View From the Press Box: Dion Clisso 11/18
By Dion Clisso PrepsKC Managing Editor
As the season winds down I have found there is a new round of debate over private and public schools competing in the same classification.
Here we go again. It seems to me every time this comes around, it is usually when a private school is dominant and teams are getting beat. In Missouri the debate brought about a multiplier for all private schools; that was about a decade ago. That multiplier was then added to charter schools just a few years ago.
It hasn’t really changed that many things. In terms of football Rockhurst, Valle Catholic and a few others have won titles in the last decade. It’s not any less than it was before and it seems to have had little change on the overall outcome.
It has hurt some smaller private schools and charter schools as they were forced to move up. While moving a team from Class 5 to Class 6 isn’t that big of a jump, a school that has a hard time finding 20-30 football players in Class 1 can really struggle in Class 2.
At first I was against the multiplier, but like most things, it seems to work out for both sides. The best private schools still succeed and the public schools seem to feel like things are more balanced than before.
Currently Kansas doesn’t have a multiplier, but there are rumblings from fans that one is needed. As the season reaches the semifinal round, there are four private schools still alive. Two are in class 5A and two in Class 4A. In each class the private schools look like the favorites to advance.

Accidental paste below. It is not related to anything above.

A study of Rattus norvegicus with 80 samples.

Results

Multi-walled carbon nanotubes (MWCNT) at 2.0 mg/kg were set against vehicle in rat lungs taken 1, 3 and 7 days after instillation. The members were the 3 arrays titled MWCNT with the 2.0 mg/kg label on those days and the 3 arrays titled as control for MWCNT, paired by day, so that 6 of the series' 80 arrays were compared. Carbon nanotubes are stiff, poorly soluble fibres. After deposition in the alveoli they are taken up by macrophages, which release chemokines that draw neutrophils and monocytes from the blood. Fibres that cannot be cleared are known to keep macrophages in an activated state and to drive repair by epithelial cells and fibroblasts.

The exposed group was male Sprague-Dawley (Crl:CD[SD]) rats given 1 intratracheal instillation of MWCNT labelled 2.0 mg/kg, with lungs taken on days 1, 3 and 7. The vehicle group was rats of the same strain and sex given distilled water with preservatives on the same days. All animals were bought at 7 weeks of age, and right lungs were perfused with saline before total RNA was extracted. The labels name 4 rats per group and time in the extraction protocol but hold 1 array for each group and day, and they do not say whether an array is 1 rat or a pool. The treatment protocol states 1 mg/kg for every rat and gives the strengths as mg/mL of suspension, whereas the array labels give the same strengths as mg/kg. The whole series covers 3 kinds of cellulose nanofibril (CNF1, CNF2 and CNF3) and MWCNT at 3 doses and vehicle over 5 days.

If the schools in Kansas see this as a problem and decide to add a multiplier, I don’t have a problem with it. At the same time, the schools people would most like it to affect probably won’t see much change in their fortunes. The good schools will continue to be good, no matter if they are in a bigger class or not.
The reality of the multiplier is it penalizes the small schools that are struggling to compete. Moving them up does nothing but harm programs that can’t find their own footing right now.
If putting a multiplier on a school or advocating a separate class for private schools makes you feel better, then continue to advocate for them. In a system that already hands out six 11-man state champs on both sides of the state line, adding a few more can’t be too bad.
I mean, once the players get out into the real world they will see that everyone competes based on classifications, so it is fair. Oh, wait, that isn’t how things work at all.